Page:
Study identifies predictors of worsening of atherogenic lipid profile during pandemic
Women and racial and ethnic minority groups were more likely to have substantial worsening of atherogenic lipid profiles during COVID-19 stay-at-home orders compared with before the pandemic, researchers reported.
“The onset of the COVID-19 pandemic prompted unique public health measures, including stay-at-home orders that provoked altered dietary and exercise patterns and may have affected medication access and use,” Arun Manmadhan, MD, fellow in the Leon H. Charney division of cardiology at NYU Langone Health, and colleagues wrote in the American Journal of Preventive Cardiology. “Although these impacts have the potential to influence lipid levels, little is known of the consequences of COVID-19 stay-at-home on objective atherosclerotic cardiovascular disease risk factors.”
Manmadhan and colleagues conducted a patient-level analysis that evaluated outpatient lipid panel data from 30,667 adults (mean age, 65.2 years; 52% women) obtained immediately following the strict stay-at-home period in New York City (May 15 to Aug. 31, 2020) and 3 months before the stay-at-home period (Dec. 15, 2019, to March 15, 2020). Researchers also included an identical data set for the same periods 1 year before May to August 2019 and December 2018 to March 2019 as a reference.
One-quarter had diagnosed ASCVD, 30.5% had diagnosed diabetes and 68.1% were prescribed lipid-lowering medications before the stay-at-home orders. Before the stay-at-home orders, average total cholesterol was 174 mg/dL and non-HDL cholesterol was 120 mg/dL.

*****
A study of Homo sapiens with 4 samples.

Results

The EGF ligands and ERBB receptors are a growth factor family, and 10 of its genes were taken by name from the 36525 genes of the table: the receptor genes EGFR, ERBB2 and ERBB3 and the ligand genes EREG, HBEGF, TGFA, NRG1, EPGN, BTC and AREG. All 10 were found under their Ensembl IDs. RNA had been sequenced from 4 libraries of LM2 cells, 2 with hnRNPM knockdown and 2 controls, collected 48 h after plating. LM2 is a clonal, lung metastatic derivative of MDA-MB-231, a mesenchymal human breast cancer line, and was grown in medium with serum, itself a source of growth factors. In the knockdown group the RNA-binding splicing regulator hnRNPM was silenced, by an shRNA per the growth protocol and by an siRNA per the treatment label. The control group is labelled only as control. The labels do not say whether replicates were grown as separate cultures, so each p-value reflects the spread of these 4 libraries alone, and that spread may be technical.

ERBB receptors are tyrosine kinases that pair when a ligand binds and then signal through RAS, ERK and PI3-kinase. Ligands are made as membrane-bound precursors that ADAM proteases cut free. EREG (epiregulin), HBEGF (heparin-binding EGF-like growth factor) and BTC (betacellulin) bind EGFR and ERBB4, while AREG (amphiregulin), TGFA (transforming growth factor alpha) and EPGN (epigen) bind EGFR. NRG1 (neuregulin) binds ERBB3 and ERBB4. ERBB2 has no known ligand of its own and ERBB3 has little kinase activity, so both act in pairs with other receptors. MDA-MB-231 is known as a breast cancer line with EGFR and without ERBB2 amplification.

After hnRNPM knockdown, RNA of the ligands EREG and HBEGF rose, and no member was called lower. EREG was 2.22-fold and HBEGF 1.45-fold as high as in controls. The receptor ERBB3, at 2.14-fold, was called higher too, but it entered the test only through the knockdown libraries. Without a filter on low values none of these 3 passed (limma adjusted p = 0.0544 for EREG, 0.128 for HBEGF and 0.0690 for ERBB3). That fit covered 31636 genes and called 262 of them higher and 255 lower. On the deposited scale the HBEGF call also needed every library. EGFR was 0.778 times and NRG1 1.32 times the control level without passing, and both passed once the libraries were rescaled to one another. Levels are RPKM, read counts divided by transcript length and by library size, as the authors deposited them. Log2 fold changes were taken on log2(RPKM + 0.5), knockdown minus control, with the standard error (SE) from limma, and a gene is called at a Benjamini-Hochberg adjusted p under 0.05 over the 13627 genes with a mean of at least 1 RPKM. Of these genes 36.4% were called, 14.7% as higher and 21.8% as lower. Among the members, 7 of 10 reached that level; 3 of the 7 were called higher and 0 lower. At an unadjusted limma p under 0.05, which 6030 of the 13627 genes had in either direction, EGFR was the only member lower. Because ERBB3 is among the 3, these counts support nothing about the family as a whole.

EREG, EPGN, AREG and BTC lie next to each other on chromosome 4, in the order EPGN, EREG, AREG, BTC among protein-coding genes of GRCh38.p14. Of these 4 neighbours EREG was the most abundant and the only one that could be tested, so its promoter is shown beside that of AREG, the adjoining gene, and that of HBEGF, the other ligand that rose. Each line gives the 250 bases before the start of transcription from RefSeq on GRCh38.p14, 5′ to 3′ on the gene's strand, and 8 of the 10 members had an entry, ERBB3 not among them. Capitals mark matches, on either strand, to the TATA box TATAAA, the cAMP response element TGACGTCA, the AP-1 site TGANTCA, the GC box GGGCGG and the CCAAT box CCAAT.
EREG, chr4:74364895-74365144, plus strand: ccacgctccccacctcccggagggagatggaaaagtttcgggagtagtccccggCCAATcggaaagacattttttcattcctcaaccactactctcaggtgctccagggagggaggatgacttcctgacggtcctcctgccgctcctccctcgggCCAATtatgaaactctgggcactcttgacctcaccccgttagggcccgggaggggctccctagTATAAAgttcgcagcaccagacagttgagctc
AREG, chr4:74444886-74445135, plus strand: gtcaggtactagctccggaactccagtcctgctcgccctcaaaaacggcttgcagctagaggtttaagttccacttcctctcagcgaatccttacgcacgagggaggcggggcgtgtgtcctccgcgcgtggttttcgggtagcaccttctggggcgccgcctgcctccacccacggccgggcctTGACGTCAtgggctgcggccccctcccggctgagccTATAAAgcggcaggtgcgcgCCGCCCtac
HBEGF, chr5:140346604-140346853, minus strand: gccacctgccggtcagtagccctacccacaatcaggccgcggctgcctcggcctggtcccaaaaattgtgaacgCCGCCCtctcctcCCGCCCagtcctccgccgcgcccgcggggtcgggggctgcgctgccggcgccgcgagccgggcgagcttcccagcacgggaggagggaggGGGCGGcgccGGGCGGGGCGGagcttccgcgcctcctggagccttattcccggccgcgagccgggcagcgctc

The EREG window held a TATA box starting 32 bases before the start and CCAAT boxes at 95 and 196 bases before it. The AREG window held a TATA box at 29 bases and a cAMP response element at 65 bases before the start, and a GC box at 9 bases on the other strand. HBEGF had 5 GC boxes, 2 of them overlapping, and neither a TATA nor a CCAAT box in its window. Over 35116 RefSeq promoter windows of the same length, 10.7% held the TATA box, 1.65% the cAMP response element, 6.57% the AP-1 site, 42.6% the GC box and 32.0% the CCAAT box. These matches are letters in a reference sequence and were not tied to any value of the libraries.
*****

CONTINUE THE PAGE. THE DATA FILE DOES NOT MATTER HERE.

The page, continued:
Researchers observed a “modest” mean change in non-HDL cholesterol from before the stay-at-home period to after, but a significant difference in change during the stay-at-home period (increase of 0.9 mg/dL) compared with the same time period in 2019 (decrease of 5 mg/dL; P < .0001).
Younger age, hyperlipidemia diagnosis, pre-stay-at-home treatment with lipid-lowering medications, female sex, “non-white” race and Hispanic ethnicity were factors predictive of non-HDL cholesterol increases during the pandemic, the researchers wrote.
Female sex (HR = 1.42; 95% CI, 1.27-1.58), Hispanic ethnicity (HR = 1.36; 95% CI, 1.15-1.61) and “non-white” race (HR = 1.24; 95% CI, 1.1-1.4) were associated with greater odds of a 38 mg/dL or greater increase in non-HDL cholesterol during the stay-at-home orders, after the researchers adjusted for age, medical history, use of lipid lowering and antidepression medication and pre-stay-at home non-HDL cholesterol.
“Further research on social determinants of health and the impact of pandemic-related public health interventions is needed to inform policy considerations to enhance the multifaceted recovery from the COVID-19 pandemic and to minimize unforeseen consequences of interventions taken in future public health emergencies,” the researchers wrote.